This is the hardest bit. Just breathe out. Pick up the phone and call me on 0413 886 026 or email me via the contact page - and everything will get just a little bit easier. I'm here to help you .
Of course you can. If we don't sit down and chat about your loved one, your family and what feels good to you all, in their honour, we just won't get it right. I want to learn as much as I can about you all.
There are no exact rules on this, but I do recommend not having more than 5, at most. We always need to keep an eye on the timing, so when there more than one or two speakers, it is best to give them a time frame within which to speak. It's also a good idea to have your speakers send me their speeches, so that we can avoid repetition and make sure each speaker is introduced in the right order, and with relation to what they are speaking about.
That's ok. It really is. If you start and need help, just give me the look. I'll be right beside you. If you can't finish, I can pick up where you left off. If you just can't do it at all, we can ask somebody else to read on your behalf. I have done services where the only person who spoke was me - and they were beautiful.
There are no rules here. I can give you some tried and true favourites, (I've got a page in the Helpful Info section to give you some ideas). However, I would always suggest that you think about your loved one's favourite music. What did they sing along to? What made them tap their toes? If certain music filled their soul, choose that music. It will help to fill yours, too.
You can involve family, friends, people of importance - anybody that loved and cared and knew your loved one. Sometimes you will have to ask - because often, nobody wants to assume it's their place. At other times, you will be flooded with offers of assistance, or people wanting to share their stories. Again, there are no rules - except this one. If it feels right, do it. If it doesn't, don't.
A reflection is a quiet time during the service, often - but not always - accompanied by music and a slideshow. It is those few minutes that we clear our heads of everything but our memories of the deceased. It may also be the time that we invite guests to come and pay their respects.
Yes - I can. I know many different funeral directors with different styles and ways of doing things. If we can have a chat about what you would like, I am sure that I can quickly match you up with a funeral director that suits your needs and personality, but I will only ever send you to somebody that I know and trust.
Absolutely. More and more services are being held outside the traditional chapels, these days. Many venues are available for hire for memorials. We can use a garden, or outdoor pavilion. Surf clubs and sporting clubs are often chosen if the deceased was an active member - or simply loved the sport - or the view. We do have some limitations outside of chapel areas, however. Some places are more suited to a memorial than a funeral, due to access issues. Others may not have AV available - but thinking outside the box is always a good option, if you are looking for something different.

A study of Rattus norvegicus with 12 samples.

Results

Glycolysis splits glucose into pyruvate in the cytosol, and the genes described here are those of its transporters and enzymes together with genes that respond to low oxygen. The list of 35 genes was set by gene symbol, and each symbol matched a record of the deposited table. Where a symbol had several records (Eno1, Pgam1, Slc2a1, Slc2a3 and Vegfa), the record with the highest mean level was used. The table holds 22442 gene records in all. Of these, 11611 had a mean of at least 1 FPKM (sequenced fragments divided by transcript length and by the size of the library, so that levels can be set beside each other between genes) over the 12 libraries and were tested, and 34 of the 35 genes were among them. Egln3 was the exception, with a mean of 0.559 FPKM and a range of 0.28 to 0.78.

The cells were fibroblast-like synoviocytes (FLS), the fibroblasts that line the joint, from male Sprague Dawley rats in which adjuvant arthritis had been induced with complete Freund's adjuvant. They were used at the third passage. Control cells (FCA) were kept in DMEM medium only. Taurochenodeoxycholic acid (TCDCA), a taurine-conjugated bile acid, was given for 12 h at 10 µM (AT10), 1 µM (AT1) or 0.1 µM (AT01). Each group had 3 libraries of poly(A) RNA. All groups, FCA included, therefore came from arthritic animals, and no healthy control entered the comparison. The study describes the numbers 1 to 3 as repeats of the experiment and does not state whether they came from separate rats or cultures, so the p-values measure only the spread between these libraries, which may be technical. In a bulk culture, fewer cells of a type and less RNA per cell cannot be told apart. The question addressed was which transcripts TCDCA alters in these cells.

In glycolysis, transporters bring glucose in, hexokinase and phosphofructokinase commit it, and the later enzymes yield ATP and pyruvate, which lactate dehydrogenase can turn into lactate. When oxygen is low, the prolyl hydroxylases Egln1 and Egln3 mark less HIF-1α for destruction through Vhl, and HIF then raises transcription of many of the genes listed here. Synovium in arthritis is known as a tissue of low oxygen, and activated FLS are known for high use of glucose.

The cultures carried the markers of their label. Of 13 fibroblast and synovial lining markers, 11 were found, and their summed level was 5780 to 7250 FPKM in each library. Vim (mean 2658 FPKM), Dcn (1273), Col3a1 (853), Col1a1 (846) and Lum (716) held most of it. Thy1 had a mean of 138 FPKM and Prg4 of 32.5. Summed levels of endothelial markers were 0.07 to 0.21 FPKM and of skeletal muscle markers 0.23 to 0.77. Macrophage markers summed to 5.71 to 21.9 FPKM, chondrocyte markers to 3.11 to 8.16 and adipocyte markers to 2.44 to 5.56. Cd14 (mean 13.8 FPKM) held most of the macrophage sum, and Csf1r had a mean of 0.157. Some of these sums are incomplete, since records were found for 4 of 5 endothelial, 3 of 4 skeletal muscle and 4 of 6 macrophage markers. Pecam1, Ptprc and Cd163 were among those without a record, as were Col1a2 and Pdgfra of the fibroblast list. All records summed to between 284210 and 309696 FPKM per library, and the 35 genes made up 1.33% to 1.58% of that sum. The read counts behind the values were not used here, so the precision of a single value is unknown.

In terms of what is said - or the importance of it all, there is very, very little difference between a memorial and a funeral. Quite simply, a funeral service has the body present - pre-burial or cremation. A funeral service is often organised in a very short time frame, and there are some limitations to where it may be held. A memorial service has no body present. It can be held later, if desired, to allow the family time to get themselves mentally prepared, the service organised - and sometimes , simply due to the logistics of having everybody together at the same time. The rites and rituals are almost the same. The feel should be the same.
I think it's good to guide your guests here. Traditionally, in Western cultures, funeral guests wore black - and in some cultures, mourning family members will still wear black for years. In many Asian cultures, white is the tradition. However, things are definitely changing. More often than not, I see guests in bright colours, or florals - or the favourite colour of the deceased. I am seeing guests that are dressed in accordance with the personality of their loved one - and this feels good. I am rarely asked to wear all black - but I always ask.
Gone are the days of people picking up the newspaper to find out about the death of the people they know. Communication is much easier now. Use social media - facebook and instagram to create post - or set of posts - to inform people of the service details. I can give you some help to find easy, free online graphic design programs that you can use.
At the end of the service, we will play a final piece of music and guests will either make their way, to pay their respects and then leave the room - or if they have already said their goodbyes, they will make their way out. In order that this is not awkward, I will always nominate somebody to lead - and if necessary, tell guests that family members will remain.
If you want to spend time with guests after the service, in a traditional wake - or less formal gathering, it is good to let them know before the day, what the arrangements are. It is also helpful to tell me, so that I may remind them, as the service comes to a close.
Most people say they are making the eulogy, but in actual fact, they are making a tribute. A traditional eulogy starts at birth and details the major achievements of the deceased's life, in chronological order. A tribute is more focussed on personality; who they were , what mattered to them, and the speaker's memories of their loved one. More and more of my services are based almost entirely on tribute, because the who is usually always bigger than the what.